Szép, formerly of Lollapalooza Berlin and Sziget, is the new managing and festival director of Goodlive's Superbloom, which debuts next September
By IQ on 05 Sep 2022
Seasoned festival pro Fruzsina Szép has spoken to IQ about the debut edition of Goodlive’s newest festival, Superbloom.
The two-day event finally launched in Munich’s historic Olympic Park last weekend (3–4 September) after two postponements due to Covid-related restrictions.
Calvin Harris, Macklemore, Megan Thee Stallion, Rita Ora, Skepta and David Guetta were among the acts that performed across 11 stages during the event.
Alongside live music, the festival delivered a multi-faceted programme of art, culture, diversity, lifestyle, society, research and development, sustainability and science, with the aim of “redefining the music festival concept”.
“I wanted to create a 360-degree festival experience and I think we’ve done that well,” says Szép. “It was important to me that the visitors immersed themselves in a charming world and experienced many moments of happiness that they can now take with them into their everyday lives.”
The inaugural edition drew 50,000 visitors and ultimately sold out, which Szép says was “a dream come true” after a “mentally challenging” few years for the Superbloom team.
“It’s a new festival, a new brand, a new site and there are new colleagues, so there’s a learning curve”
And while the event was a success, Szép says that there’s plenty of room for improvement.
“It’s a new festival, a new brand, a new site and there are new colleagues, so there’s a learning curve…we have to be patient,” says the director, who has previously worked on Lollapalooza Berlin and Sziget.
“Sometimes our audience expects us to be 100% but we are not perfect and I don’t want to be perfect,” she continues. “I always wanted to have the possibility to make mistakes but to learn from them and to correct them and make them better in the next year. I’m not afraid to receive criticism – I grow from it.”
The biggest learning curve for the festival, she says, was navigating the unique site, which utilised the 70,000-capacity Olympic Stadium as the main stage.
On Saturday night, organisers were forced to halt entry to the stadium, where headliner Calvin Harris was playing his only German concert this year, due to a crowd flow issue.
“The problem was, on the floor of the stadium there is a maximum capacity of 20,000 and that was already full,” explains Szép.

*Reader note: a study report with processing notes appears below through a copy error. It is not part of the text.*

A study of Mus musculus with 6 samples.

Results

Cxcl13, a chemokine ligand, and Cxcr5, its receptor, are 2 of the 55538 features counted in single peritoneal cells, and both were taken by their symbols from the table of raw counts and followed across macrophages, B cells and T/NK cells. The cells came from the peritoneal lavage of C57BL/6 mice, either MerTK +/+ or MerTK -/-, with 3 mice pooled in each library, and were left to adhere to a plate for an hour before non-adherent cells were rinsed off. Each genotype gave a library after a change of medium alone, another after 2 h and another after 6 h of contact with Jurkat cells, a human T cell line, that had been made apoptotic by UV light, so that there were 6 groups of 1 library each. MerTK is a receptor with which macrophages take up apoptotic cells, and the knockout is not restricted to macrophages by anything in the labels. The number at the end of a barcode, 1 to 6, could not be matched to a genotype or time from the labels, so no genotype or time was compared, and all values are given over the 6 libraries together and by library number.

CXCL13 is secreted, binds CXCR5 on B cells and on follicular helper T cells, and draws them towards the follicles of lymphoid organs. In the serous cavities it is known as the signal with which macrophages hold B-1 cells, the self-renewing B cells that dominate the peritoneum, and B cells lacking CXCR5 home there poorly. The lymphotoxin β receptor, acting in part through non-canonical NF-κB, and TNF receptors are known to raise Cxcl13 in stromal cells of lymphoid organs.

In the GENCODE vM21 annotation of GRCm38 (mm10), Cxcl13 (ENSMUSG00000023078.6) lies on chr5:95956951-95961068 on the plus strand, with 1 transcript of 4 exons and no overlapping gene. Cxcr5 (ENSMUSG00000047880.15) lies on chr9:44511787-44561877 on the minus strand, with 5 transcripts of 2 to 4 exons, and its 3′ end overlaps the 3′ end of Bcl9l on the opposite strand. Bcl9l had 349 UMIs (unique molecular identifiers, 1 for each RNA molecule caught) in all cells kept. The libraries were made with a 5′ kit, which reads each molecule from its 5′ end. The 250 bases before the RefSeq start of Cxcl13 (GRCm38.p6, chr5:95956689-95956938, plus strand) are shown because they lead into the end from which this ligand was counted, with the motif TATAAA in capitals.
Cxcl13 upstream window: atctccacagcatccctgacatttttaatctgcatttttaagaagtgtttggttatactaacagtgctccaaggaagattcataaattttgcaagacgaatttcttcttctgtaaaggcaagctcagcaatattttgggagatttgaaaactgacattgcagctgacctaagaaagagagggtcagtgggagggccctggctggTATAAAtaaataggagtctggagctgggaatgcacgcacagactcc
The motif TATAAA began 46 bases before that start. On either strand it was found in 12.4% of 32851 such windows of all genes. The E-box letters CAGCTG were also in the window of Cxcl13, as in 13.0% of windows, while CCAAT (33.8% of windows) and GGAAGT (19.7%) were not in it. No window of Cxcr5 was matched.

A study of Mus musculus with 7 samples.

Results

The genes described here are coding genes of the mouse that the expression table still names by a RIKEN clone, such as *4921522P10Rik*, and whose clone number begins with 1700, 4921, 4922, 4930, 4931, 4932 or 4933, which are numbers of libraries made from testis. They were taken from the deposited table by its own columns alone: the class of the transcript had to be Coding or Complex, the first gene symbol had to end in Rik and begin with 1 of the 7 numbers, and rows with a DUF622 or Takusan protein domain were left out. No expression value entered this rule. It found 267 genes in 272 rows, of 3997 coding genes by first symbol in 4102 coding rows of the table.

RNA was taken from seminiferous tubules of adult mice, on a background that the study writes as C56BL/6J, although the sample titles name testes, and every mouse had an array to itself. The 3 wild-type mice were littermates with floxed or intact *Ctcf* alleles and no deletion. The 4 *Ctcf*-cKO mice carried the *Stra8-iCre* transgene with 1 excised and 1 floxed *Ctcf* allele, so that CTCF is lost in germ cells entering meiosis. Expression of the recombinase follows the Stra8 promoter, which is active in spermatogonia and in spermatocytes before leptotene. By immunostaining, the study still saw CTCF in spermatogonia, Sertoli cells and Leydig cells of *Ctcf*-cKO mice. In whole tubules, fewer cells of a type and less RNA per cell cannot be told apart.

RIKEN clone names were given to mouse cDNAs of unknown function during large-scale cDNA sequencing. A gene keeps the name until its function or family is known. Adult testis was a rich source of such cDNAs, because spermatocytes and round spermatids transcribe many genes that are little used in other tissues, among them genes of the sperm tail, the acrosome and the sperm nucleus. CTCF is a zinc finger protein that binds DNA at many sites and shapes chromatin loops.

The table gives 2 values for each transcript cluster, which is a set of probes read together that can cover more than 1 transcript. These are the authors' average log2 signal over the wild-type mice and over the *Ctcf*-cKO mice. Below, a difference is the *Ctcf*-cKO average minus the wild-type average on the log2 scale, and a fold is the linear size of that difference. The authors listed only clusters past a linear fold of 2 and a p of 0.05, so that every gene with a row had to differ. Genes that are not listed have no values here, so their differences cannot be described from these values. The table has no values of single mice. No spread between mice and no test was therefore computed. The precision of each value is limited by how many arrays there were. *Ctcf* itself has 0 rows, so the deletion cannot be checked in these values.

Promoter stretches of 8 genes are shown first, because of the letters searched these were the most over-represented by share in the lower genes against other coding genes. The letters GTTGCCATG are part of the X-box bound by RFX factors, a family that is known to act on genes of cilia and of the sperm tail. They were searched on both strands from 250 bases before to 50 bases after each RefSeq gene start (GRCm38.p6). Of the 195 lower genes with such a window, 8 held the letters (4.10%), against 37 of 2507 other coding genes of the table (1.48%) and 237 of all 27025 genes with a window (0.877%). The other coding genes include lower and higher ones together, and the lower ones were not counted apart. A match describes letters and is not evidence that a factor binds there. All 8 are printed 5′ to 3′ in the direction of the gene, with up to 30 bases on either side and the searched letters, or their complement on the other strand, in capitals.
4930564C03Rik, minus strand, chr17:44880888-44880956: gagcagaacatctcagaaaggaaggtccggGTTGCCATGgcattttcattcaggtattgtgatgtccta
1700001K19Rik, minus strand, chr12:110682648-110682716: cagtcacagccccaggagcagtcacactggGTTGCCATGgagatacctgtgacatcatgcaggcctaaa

“Sometimes our audience expects us to be 100% but we are not perfect and I don’t want to be perfect”
“There would have been space for 30–40,000 more people in the seats but people were stopping and sitting down at the beginning of the seats, rather than moving to the far end.
“Many people were queueing outside and some people were trying to go to another stage so it became the kind of situation which could have been very difficult. And Calvin Harris was already playing so it was impossible for the security and volunteers to ask people to get up and move along. That’s why we had to decide very quickly to stop letting people into the stadium.
“We were planning the crowd flow for months but we weren’t prepared for people to sit down at the beginning of the stands.”
The next day, the Superbloom team communicated the crowd flow to fans and the main stage programme went off without a hitch.
Extreme weather also proved to be an issue on the Saturday, with strong winds, heavy rain, lightning and thunder causing the programme to grind to a halt for an hour and a half.
As a result, Years & Years were forced to forego their set on the main stage and Megan Thee Stallion’s slot was reduced to 30 minutes.
Superbloom was praised by the German government for making the festival inclusive and accessible for disabled music fans
“The safety and security of our audience, our artists and our team is the first priority when we are on-site – no question,” says Szép. “Severe weather is an issue for every open-air event – we have to deal with force majeure measures all the time. These are normal procedures.”
Challenges aside, the festival was hailed as one of the most diverse events in the European festival market, with a range of ages, genders, races, nationalities and sexualities represented on the lineup. This was ultimately reflected in the audience – 60% of which were female.
In addition, Superbloom was praised by the German government for making the festival inclusive and accessible for disabled music fans.
“We worked closely with a group of experts who live with disabilities to help us deliver the maximum festival experience for others [with handicaps],” says Szép.
“Yesterday I was in a panel with the government’s representative for disabled people living in Germany, who is blind himself, and he said he has never before seen a German festival of that size so well organised for disabled people. That gave me such a great feeling.”
Having grown up with a blind father, accessibility is a matter close to Szép’s heart and has informed many aspects of the festival.
Having grown up with a blind father, accessibility is a matter close to Szép’s heart
“I grew up in Munich. And, for many years, on many weekends, my father and I would walk around this Olympic Park. He told me to experience the world not just with my eyes but with all my senses so I had this in my head while creating the concept for the festival.
“Being an adult now and having the possibility to organise Superbloom here was so emotional and I could feel my father’s energy,” says Szép.
Alongside the main stages, the Superbloom programme included an area hosting 30 NGOs including Greenpeace and Music Declares Emergency, assembled by Yourope general manager Holger Schmidt.
Other dedicated areas focussed on art, fashion, and theatre, with roaming performances ranging from robot dogs and giraffes, to ballerinas twirling atop mobile pianos and marching bands.
Superbloom returns to the Olympic Park in Munich from 2-3 September 2023.